Eileen Donlon leaves her tree up long after Christmas.
After the holidays, she takes down the red decorations and puts up gold, purple and green, the traditional colors of Mardi Gras.
“Every year, I just added a little bit more,” Donlon said.
Galveston’s Mardi Gras celebration draws visitors from all over the region and state, and for the tourists the main events are the krewe parades and chasing beads in The Strand district.
But for some locals, the heart of the annual pre-Lenten festival is in hosting parties in their decorated island homes.
Donlon began decorating her historic house at 18th Street and Avenue L in 1997, when she held her inaugural Mardi Gras party, she said. What began as a small affair with few people now attracts nearly 100 friends and relatives, she said.
“It’s festive,” Donlon said. “It’s fun. Mardi Gras is about the party before Ash Wednesday, before Lent. It’s just a positive way of life.”
Those who decorate lavishly for the Mardi Gras season often do so with a party in mind.
Jane Lozano began decorating her 25th Street house in 2017 after she’d finished restoring it, she said.
She hosted a party that year that’s continued around Mardi Gras since then, she said.
“You can’t have people over for a Mardi Gras party without decorations,” Lozano said. “I have a black iron fence and we put beads on all of those. Inside is a tsunami of green and purple and gold everywhere.”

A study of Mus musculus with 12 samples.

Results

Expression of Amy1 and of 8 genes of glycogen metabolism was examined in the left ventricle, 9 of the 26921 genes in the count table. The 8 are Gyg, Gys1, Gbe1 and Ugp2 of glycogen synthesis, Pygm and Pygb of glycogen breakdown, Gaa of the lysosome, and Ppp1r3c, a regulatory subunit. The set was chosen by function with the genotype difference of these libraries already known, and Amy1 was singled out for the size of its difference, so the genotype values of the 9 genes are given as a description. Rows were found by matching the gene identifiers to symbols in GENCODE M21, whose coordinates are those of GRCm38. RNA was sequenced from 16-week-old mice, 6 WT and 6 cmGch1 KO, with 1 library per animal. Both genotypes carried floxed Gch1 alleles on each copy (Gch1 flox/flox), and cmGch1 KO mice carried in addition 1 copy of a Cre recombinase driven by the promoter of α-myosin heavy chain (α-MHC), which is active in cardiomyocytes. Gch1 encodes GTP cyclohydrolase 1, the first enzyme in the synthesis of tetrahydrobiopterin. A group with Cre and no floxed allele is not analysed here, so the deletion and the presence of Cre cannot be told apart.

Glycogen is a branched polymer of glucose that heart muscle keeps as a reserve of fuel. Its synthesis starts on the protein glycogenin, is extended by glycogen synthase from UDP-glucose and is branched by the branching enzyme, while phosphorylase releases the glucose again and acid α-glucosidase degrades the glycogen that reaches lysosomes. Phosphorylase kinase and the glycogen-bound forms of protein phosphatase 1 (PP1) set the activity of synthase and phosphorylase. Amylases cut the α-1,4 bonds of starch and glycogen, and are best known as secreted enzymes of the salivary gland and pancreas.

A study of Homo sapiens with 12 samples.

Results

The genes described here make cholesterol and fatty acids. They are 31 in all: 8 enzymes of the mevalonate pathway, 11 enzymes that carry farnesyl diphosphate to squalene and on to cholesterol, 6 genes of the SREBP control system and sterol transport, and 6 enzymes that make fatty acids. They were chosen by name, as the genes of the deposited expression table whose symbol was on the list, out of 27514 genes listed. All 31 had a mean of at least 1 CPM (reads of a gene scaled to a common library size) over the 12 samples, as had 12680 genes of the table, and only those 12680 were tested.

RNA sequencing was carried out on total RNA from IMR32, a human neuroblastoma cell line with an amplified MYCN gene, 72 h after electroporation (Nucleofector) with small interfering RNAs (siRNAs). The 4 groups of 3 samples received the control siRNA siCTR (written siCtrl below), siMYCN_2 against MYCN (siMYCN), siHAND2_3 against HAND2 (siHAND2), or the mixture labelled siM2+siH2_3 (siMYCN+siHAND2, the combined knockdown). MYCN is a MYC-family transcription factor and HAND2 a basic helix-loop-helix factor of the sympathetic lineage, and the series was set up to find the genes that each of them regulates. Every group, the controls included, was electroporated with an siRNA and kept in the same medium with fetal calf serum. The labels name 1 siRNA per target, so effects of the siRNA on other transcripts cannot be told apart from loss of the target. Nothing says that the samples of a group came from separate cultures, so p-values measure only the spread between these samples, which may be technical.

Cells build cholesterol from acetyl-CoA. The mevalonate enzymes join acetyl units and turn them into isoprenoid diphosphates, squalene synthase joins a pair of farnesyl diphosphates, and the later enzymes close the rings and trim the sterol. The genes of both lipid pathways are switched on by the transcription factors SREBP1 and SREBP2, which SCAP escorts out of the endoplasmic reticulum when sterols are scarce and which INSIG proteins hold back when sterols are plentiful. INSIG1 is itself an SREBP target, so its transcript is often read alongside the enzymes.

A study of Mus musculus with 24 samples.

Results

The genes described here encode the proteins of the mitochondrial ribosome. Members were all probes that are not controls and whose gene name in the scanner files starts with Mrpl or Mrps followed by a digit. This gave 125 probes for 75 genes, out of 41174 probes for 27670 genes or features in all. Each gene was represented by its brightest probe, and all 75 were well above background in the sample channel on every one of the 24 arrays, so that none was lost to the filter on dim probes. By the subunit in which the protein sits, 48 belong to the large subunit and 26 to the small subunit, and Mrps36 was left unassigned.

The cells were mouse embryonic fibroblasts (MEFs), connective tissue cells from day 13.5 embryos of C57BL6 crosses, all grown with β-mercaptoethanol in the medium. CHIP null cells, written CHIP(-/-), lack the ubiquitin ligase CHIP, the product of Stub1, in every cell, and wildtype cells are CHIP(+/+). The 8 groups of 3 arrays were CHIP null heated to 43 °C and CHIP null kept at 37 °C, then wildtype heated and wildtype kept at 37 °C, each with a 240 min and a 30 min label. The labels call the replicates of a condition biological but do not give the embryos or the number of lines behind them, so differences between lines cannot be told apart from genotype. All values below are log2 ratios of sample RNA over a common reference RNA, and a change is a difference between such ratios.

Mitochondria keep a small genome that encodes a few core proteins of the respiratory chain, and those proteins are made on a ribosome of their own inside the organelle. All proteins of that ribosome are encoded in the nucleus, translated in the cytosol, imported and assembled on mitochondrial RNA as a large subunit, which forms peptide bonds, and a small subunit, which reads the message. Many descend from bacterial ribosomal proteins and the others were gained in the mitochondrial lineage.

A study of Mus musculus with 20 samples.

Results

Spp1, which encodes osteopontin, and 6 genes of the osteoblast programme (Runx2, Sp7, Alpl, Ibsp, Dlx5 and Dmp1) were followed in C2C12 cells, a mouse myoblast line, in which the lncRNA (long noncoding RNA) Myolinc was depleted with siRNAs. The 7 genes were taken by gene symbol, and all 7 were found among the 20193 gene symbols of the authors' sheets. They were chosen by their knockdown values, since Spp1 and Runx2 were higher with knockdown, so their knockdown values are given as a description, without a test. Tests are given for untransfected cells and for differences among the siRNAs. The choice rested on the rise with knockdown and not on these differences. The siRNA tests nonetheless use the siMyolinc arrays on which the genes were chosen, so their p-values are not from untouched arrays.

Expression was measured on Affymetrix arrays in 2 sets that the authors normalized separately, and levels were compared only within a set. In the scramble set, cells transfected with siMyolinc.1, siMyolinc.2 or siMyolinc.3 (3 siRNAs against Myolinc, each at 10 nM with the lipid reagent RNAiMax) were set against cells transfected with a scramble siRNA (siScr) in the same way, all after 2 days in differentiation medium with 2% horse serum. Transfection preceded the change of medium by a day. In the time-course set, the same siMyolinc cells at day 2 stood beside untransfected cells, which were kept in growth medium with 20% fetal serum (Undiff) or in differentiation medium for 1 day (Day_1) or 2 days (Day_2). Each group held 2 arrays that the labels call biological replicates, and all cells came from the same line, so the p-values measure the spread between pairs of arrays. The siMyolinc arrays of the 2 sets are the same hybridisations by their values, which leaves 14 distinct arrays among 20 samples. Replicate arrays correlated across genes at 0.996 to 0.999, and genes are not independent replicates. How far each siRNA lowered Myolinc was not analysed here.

She has 19 giant, plastic tubs of Mardi Gras decorations she keeps stacked in her garage, she said.
The past two years, Hudson Holmes, a Realtor with Joe Tramonte Realty, designed a banner for Lozano’s house, he said.
This year’s banner features Lady Victory, the statue at the Texas Heroes Monument at 25th Street and Broadway.
“We wanted to have something with a little local flavor that truly represents Galveston, and Lady Victory was the first choice,” Holmes said.
Pam and John Froeschner are always on the lookout for new Mardi Gras decorations, they said.
The Froeschners have been decorating their Avenue O ½ home since the 1980s, they said.
“Everybody’s ready to party, so it’s just a fun thing to do,” Pam Froeschner said.
Their annual Mardi Gras party has been scaled back somewhat over the years, but the Froeschners still host a bash that encourages them to bring out an extensive collection of decorations they’ve collected, been given or found while traveling, they said.
There’s one main criterion that makes a Mardi Gras decoration, Pam Froeschner said.
“Anything that’s outrageous,” she said.
Claire Wilkins decorates her 24th Street home with masks, trees, garlands, crowns and anything else made in Mardi Gras colors, she said.
Wilkins lives in the Silk Stocking Historic District, where all her neighbors decorate, she said.
“We all go a little crazy,” Wilkins said.
The real value of Mardi Gras for locals is bringing neighbors together, she said.
“It’s such a really neat time for the island,” Wilkins said. ”We usually don’t have an excuse in our neighborhood to get together. Everybody’s happy.”
Donlon agrees that it’s a time for Galvestonians to embrace their community, she said.
Other events have come and gone, but decorating homes is just one example of the way locals have made it their own, Donlon said.
“Because people embrace it, it stays going year after year,” Donlon said.
This year’s Mardi Gras festival runs from Feb. 22 to March 5.